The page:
As Gabon revises its forest laws, ClientEarth has published two reports demonstrating how the country’s legal framework can promote community-based forest management.
One of the most important innovations from Gabon’s 2001 forest reform was a mechanism that recognised the management rights of local communities over the forests they depend on for their living.
Subsequent legislation to complement the principles of the Forest Code, has made it possible to build a comprehensive framework allowing communities to collectively manage the forests in which they exercise customary rights.
This mechanism is important because it effectively transfers management rights from the state to forest communities whose customary rights are not recognised by written law. By March 2018, however, only 1% of Gabon’s forests were effectively managed by communities.
ClientEarth has now published a comprehensive review of the community forestry legal framework in Gabon. For this, we reviewed Gabonese laws and interviewed administration representatives and communities that implement community forestry.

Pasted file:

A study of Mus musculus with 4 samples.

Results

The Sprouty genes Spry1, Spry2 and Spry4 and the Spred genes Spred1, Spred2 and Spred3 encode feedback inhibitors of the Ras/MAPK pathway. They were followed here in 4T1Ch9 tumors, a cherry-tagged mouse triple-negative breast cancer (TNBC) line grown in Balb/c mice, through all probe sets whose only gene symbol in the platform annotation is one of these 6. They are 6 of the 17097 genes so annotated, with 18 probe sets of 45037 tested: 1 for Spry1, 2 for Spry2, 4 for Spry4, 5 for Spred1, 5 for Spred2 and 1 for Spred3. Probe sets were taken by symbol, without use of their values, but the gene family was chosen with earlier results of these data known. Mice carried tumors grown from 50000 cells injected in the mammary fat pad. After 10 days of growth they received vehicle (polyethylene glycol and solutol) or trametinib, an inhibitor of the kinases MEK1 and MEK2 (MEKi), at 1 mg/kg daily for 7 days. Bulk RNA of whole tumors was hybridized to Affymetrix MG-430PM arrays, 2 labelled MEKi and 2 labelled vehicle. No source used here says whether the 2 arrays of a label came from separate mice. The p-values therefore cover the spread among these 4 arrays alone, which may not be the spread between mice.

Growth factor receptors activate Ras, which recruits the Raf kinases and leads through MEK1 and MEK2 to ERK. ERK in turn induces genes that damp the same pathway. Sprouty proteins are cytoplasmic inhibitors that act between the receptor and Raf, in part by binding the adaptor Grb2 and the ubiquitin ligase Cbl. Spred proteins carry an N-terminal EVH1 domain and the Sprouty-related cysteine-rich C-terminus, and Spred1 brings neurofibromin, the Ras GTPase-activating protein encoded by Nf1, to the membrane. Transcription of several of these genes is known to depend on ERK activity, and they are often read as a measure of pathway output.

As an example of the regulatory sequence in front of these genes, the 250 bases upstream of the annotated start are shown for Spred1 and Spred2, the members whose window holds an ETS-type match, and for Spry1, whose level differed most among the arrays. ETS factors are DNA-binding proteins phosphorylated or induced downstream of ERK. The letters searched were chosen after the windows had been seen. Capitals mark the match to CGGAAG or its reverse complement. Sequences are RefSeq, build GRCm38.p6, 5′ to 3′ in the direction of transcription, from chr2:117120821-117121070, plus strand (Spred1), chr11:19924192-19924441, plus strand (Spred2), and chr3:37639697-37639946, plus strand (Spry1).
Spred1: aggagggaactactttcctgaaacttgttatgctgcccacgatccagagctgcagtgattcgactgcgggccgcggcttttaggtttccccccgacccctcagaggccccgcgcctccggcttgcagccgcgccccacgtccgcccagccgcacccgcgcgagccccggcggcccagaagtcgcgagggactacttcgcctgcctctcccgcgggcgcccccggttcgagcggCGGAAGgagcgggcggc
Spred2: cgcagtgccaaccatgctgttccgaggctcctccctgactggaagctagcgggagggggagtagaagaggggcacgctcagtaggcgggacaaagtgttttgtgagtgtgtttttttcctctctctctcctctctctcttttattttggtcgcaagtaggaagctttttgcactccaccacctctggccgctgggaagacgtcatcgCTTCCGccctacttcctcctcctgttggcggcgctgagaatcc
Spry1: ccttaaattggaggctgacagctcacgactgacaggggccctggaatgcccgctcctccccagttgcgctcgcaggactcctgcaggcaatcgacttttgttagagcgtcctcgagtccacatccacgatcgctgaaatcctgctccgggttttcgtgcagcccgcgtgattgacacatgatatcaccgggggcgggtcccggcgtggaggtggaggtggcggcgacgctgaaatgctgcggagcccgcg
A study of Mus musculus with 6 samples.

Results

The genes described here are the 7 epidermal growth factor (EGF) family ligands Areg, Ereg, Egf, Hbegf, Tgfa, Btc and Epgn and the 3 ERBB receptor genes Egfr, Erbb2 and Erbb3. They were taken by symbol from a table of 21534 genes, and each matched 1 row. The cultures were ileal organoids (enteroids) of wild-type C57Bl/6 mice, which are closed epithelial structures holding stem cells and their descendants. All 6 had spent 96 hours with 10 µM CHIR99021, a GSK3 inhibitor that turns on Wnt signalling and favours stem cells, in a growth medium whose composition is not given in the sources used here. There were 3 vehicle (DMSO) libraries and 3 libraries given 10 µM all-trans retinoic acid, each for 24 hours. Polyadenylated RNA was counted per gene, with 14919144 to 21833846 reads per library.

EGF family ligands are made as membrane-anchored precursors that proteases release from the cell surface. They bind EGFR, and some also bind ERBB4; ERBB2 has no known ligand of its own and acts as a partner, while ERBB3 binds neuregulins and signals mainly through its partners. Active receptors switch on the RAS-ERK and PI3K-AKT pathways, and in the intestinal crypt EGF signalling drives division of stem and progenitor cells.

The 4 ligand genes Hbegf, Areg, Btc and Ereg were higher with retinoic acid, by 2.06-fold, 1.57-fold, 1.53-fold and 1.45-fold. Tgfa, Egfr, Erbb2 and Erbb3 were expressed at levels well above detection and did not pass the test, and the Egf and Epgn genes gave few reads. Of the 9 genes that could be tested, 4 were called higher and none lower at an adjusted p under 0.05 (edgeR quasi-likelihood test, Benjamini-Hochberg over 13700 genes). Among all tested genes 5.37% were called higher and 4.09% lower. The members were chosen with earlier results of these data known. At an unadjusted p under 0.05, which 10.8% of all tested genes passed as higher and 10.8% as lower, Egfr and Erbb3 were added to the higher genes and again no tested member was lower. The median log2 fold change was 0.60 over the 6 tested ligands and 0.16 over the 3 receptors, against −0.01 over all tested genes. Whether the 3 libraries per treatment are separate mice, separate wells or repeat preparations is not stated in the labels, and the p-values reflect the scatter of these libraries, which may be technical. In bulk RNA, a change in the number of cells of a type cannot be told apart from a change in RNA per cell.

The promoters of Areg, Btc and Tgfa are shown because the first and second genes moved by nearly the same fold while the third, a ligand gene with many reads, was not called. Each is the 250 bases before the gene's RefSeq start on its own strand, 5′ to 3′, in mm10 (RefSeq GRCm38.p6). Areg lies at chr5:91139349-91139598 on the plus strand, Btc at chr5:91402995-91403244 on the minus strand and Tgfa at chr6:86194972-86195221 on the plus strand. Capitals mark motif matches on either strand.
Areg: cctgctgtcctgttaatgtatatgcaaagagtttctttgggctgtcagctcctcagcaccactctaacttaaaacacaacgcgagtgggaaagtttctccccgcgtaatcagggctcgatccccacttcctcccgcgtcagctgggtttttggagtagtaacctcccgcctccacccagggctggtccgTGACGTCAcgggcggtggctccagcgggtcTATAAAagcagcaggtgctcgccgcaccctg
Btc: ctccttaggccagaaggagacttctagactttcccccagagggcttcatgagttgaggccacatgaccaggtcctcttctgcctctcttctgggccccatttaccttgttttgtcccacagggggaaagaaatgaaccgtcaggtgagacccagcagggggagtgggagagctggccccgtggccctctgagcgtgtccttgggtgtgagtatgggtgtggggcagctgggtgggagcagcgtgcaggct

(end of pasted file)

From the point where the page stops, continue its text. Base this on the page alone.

The review examines the key elements of the legal framework, highlighting both how it can help community forest management flourish and the legal gaps and inconsistencies that could impact its implementation and development.
Our analysis shows that the legal framework can explain the relative success of community forestry in Gabon.
As Gabon is reviewing its forest legislation, policymakers have the opportunity to learn from the strengths and weaknesses of existing laws to build a more supportive framework.
To help them with this task, we have also published our main recommendations in a ‘report of contributions’ to the draft Forest Code.
This short study presents legal options for a framework designed to enable community forestry.